Amid an ever-expanding array of channels and tactics being used in the B2B buying process, it’s time for businesses to start fundamentally changing the way they use marketing automation.
And one of the most important moves they can take is to put processes in place that will enable sales and marketing departments to work more closely together on marketing automation strategy.
This was the message from Salesforce's B2B marketing leader, Merinda Peppard, and Bluewolf's marketing automation expert, Phillip Ludgate, during a recent webinar. They set out how businesses can use marketing automation to make sense of, and organise, highly complex webs of audience interaction points — and create a cohesive experience for buyers.
The end result? Boosting lead generation and sales conversions.
Merinda and Phillip defined three specific problems sales and marketing departments are facing – all of which can be addressed with successful implementations of marketing automation software:
So the big question becomes: How do you use marketing automation to empower marketing and sales to better connect with each other and address these issues?
Phillip – a senior marketing automation consultant at Bluewolf, an IBM company – suggests addressing the problem in six stages.
Firstly, define and agree an approach and methodology to the overall marketing automation implementation – remembering that one size doesn’t fit all. To work out your approach, you need to answer big questions like:
Data is at the centre of good marketing automation. ‘Front-end’ data enables you to engage and nurture prospects through pre-described journeys. Back-end’ data enables you to segment audiences and drive quality leads into the funnel.
You need to look after all this valuable data by implementing good data governance. This involves measuring the quality of data, working out whether its trustworthy, and making privacy a top priority as an organisation, especially with the imminent arrival of GDPR. Work out how your data will be used and make sure you are structuring it appropriately.
Successful marketing automation rollouts require buy-in across the organisation. This means educating and inspiring teams across Marketing, Sales, Leadership — and also the IT team. Phillip says: “When we step back and think about what we are trying to achieve from marketing automation, it always comes back to people.”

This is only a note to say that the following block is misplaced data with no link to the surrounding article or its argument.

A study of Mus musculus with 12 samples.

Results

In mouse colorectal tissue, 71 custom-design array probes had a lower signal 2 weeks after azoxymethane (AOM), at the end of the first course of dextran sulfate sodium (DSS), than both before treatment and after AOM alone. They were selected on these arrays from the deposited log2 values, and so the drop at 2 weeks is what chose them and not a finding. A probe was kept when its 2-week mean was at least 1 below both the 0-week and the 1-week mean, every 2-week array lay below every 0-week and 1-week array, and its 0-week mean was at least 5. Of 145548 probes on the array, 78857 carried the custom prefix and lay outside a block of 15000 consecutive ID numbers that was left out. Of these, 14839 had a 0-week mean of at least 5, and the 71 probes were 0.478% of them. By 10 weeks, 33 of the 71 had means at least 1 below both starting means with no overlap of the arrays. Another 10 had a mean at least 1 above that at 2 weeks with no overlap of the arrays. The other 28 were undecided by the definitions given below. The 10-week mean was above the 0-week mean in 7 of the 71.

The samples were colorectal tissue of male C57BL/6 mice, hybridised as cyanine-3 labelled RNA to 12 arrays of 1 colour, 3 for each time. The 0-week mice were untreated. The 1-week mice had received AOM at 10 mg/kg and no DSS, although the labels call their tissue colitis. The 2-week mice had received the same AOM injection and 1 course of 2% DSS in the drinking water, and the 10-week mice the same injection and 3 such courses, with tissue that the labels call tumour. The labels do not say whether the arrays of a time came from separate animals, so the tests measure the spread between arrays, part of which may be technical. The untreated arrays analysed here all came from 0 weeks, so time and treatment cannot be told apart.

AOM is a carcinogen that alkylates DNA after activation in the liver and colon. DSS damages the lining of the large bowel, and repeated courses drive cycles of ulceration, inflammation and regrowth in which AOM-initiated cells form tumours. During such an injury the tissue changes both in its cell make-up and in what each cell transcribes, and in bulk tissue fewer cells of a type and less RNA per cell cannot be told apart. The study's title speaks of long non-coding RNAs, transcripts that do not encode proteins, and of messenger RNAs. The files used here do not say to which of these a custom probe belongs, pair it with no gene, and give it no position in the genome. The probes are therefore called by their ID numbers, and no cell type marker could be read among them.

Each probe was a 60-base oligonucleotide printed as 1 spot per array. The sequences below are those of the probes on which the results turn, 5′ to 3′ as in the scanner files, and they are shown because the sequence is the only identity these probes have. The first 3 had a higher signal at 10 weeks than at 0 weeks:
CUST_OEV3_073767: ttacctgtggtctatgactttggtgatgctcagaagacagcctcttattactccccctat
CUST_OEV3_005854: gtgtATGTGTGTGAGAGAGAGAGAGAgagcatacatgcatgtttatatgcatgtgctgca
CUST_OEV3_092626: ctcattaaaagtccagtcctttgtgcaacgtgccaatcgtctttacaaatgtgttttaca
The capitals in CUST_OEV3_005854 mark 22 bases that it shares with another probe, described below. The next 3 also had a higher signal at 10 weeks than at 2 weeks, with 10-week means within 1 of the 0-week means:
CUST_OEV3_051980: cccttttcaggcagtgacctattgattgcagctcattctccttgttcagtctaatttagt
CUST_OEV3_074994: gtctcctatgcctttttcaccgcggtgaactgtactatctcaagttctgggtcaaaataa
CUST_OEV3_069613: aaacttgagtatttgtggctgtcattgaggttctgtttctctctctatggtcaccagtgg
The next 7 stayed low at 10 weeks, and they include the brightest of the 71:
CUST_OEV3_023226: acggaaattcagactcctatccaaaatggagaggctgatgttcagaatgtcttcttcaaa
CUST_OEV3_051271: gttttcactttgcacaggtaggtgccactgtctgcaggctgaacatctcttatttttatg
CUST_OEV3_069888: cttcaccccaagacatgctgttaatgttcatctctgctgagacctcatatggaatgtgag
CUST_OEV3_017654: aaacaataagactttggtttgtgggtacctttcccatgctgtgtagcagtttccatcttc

Team alignment is at the heart of change management. Roles and responsibilities need to be defined early in the process. With everyone clear about their jobs and teams aligned, you’ll be in a great position to manage the change.
Without good stories, marketing automation doesn’t work well. As a business, you need to tell stories to audiences ranging from those who know exactly what you are selling – to those that have never come across your brand or product before.
Marketing automation allows businesses to segment audiences based on several factors. Once we understand our audiences and their levels of engagement, multiple stories are needed to address their needs.
According to Phillip, “no Marketing Automation implementation is ever going to go very far without buy in from the IT team.” It’s important to work closely with IT to define which internal process you need to follow to be able to implement change in the technology landscape.
Getting marketing automation right yields great results for sales, marketing, and for the business bottom line. Merinda, B2B Marketing lead at Salesforce, reported that customers who use the right suite of marketing automation tools see, on average, a 34% increase in marketing ROI and a 34% increase in sales revenue, in addition to some huge productivity jumps.
It’s time to use marketing automation to bring businesses together – and boost bottom lines. Watch the on-demand recording from the webinar to gain further insights and get answers to the questions you may have.